Email marketing is one of the absolute most valuable tools for you as someone in eCommerce. It’s a golden ticket opportunity to direct targeted advertising directly into the personal inbox of someone who has expressed interest in or is already engaged with your company. It’s so commonplace these days that a lot of companies forget just how valuable a tool it is when done right. However, when done wrong, it’s a total waste of time. And, getting it wrong only requires one mistake. So let’s take a look at some errors you can avoid.
1. Forgetting About Mobile
It’s a fact of the modern world that smartphones, tablets, and other personal devices rule the landscape. It’s probably surprising to hear but so much of life, business, and pleasure, is conducted within a few inches of that small screen. The consequence for you is that your eCommerce emails have to be formatted for mobile. It’s an absolute must, don’t forget it.
2 Not Emailing Regularly Enough
Once someone has agreed to email marketing, use it! It’s tempting to be cagey about over-intruding. But the truth is that it’s more important for you to be there consistently, ready for when they want to shop than worrying it will annoy them. Don’t be shy, if they don’t like it, they’ll unsubscribe.
3. Too Much Promotion
This isn’t to say you shouldn’t be promoting. It’s called email ‘marketing’ after all. But it can be off-putting when every single communication is simply raw self-promotion. It’s too soulless for the current climate and feels pushy. Put in a few casual emails to break it up!
4. Failing To Set Tasks
It seems a funny idea, but you ought to be tasking your email readership often enough to keep them engaged. Keyword instructions like ‘check out, ‘login’, ‘browse’, and ‘login’ act as a call to action for the readership, who will quite often respond to the request, simply by virtue of having been asked.
5. Lots Of Text
Email recipients will internally groan if they open an email to a wall of text. You have to break it up with all sorts of other forms of communication such as images, videos, and gifs. Stick to sparse, exciting uses of keywords.
6. Blanket Emails
Blanket emails are easier, save time and cost less money. However, they should be avoided. Segmentation of your email membership is far, far more likely to bring in good results for you and your company. Users want to feel noticed and valued and blanket emails display none of that.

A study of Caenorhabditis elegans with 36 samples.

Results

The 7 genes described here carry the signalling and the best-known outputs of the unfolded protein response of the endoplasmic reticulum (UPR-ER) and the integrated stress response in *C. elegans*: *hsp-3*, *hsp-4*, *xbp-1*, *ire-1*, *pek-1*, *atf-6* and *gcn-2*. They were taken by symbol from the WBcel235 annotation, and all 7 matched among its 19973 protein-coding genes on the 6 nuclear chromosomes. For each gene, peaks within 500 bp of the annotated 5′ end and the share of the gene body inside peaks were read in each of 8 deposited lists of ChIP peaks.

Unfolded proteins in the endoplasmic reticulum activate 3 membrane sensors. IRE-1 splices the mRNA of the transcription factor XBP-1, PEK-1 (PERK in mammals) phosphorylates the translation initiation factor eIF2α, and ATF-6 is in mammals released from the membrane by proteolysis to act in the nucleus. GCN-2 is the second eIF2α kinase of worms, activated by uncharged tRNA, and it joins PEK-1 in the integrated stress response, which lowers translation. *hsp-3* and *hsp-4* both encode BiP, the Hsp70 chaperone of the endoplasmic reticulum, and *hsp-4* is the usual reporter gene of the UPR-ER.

7. Not Linking Activity To Email
One of the smartest tools available to email marketers is the ability to link email addresses to user activity. For example, if someone has added an item to their basket but not checked out, that is something worth noting in the next email communication, reminding them to check out. You could also show them other offers similar to the one in their basket.
8. No Special Deals
Another special tool that is quite a lot of fun. Take the same scenario as in number seven. This time, instead of simply reminding them, send them a special offer, a deal on the product that they are hovering on. You can also send people little birthday gifts or seasonal gifts with discounts, specific to them.
9. Using Too Much Automation
Automation is a huge timesaver and a really useful tool for a lot of companies. But it’s easy to spot if you receive a lot of automated emails. So, look for ways to avoid using them, to add the human touch.
It’s an ongoing task, so it’s vital that you monitor all feedback and all sales results. This will help you to build and refine your email marketing until it is as clean as possible garnering the best results.
Don’t waste this valuable opportunity to make huge gains in sales and positive customer relations. Avoid these mistakes and you’ll be on your way to a customer base who like your company and are willing to spread the new on your behalf.
Working as a content writer at Academic Writing Service and Essay Services, Madeline Miller helps companies create effective marketing strategies. She is also passionate about sharing her knowledge and expertise on marketing and does so through blogs like the State Of Writing and other online publications.